I am a huge fan of half-frame cameras. I like to compose with the ‘portrait’ finder which is the default in all half-frame cameras except the Yashica Samurai family. It trains my eye to see in a different way for a while, which is good practice for a photographer.
I bought the Pen EED for two qualities: it’s good looking and it’s “risqee”… i.e. full-auto exposure. For me, it’s not common I use an auto-exposure camera because I’ve become accustomed to full control through my choice of other (older) cameras. In this case, I decided to go against my own convention.
After leaving the EED for a session with my “camera guy”, who cleaned the F. Zuiko 32mm f/1.7 lens’ shutter and aperture blades, I went out into the summer to see what the camera could handle – a bit of a gamble considering that the electric circuits are something like 50 years old.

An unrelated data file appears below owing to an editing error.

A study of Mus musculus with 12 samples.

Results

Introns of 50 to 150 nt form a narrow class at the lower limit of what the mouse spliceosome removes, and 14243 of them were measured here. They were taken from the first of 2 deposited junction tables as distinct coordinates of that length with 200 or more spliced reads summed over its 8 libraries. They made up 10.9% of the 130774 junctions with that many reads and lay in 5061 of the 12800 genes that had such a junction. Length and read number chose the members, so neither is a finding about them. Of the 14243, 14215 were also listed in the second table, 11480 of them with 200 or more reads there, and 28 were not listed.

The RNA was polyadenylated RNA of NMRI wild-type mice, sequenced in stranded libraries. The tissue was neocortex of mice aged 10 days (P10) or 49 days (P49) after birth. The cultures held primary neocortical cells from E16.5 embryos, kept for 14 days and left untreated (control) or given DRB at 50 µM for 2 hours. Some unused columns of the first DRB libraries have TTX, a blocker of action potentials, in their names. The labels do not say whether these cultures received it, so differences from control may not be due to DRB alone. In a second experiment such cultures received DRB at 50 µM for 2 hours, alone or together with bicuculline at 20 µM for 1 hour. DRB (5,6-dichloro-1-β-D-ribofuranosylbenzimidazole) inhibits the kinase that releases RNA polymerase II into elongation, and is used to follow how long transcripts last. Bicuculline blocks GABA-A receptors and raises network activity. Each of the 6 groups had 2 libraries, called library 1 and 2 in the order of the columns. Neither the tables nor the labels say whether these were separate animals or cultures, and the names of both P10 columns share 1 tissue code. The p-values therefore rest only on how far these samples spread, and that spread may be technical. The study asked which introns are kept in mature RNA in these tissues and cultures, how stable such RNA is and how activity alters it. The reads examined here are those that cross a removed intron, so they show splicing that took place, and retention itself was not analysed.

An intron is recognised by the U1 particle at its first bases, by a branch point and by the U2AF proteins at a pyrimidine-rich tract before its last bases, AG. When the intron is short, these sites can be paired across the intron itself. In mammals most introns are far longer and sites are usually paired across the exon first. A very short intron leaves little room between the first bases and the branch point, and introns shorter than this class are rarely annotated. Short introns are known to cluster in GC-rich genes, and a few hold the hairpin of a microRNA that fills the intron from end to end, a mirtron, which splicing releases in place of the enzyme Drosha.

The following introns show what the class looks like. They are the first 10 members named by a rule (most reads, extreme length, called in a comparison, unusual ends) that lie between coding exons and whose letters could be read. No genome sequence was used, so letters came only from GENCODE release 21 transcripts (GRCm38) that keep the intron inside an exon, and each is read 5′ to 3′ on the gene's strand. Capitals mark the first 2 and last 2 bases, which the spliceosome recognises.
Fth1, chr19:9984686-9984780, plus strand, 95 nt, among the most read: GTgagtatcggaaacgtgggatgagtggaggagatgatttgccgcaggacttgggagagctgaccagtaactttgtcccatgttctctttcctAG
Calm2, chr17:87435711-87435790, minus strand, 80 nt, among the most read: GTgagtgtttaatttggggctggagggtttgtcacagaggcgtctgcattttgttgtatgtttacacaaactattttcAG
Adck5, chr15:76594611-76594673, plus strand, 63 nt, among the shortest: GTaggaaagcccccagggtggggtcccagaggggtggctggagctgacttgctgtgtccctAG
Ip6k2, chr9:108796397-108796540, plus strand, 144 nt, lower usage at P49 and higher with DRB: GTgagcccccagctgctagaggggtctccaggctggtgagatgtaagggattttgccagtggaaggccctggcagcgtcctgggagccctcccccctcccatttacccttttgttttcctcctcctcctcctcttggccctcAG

The images are from an area of Sweden called Bergslagen which for 800 years was the richest mining district in Scandinavia. There’s a photo of snowshoes, a bust depicting the author Maria Lang, and 18th-century paintings on the walls of a rich farmer’s home. The stone tower is one of hundreds of remnants of iron mills in the region.
I wasn’t ready for the massive light leaks that occurred when the camera was out in the sun for any long period time. There were practically no original light seals, so I had to add them myself. Another leak is evident in the bright areas in the middle of several exposures. Light seeps through where the shutter blade tips meet. Lens cap on from now on!
The film is my favourite Fomapan 400 Action which I have no complaints about since it’s hard to overexpose and is easily developed in Caffenol (though not in this case). The kind people at PixelGrain in Berlin did the developing and scanning.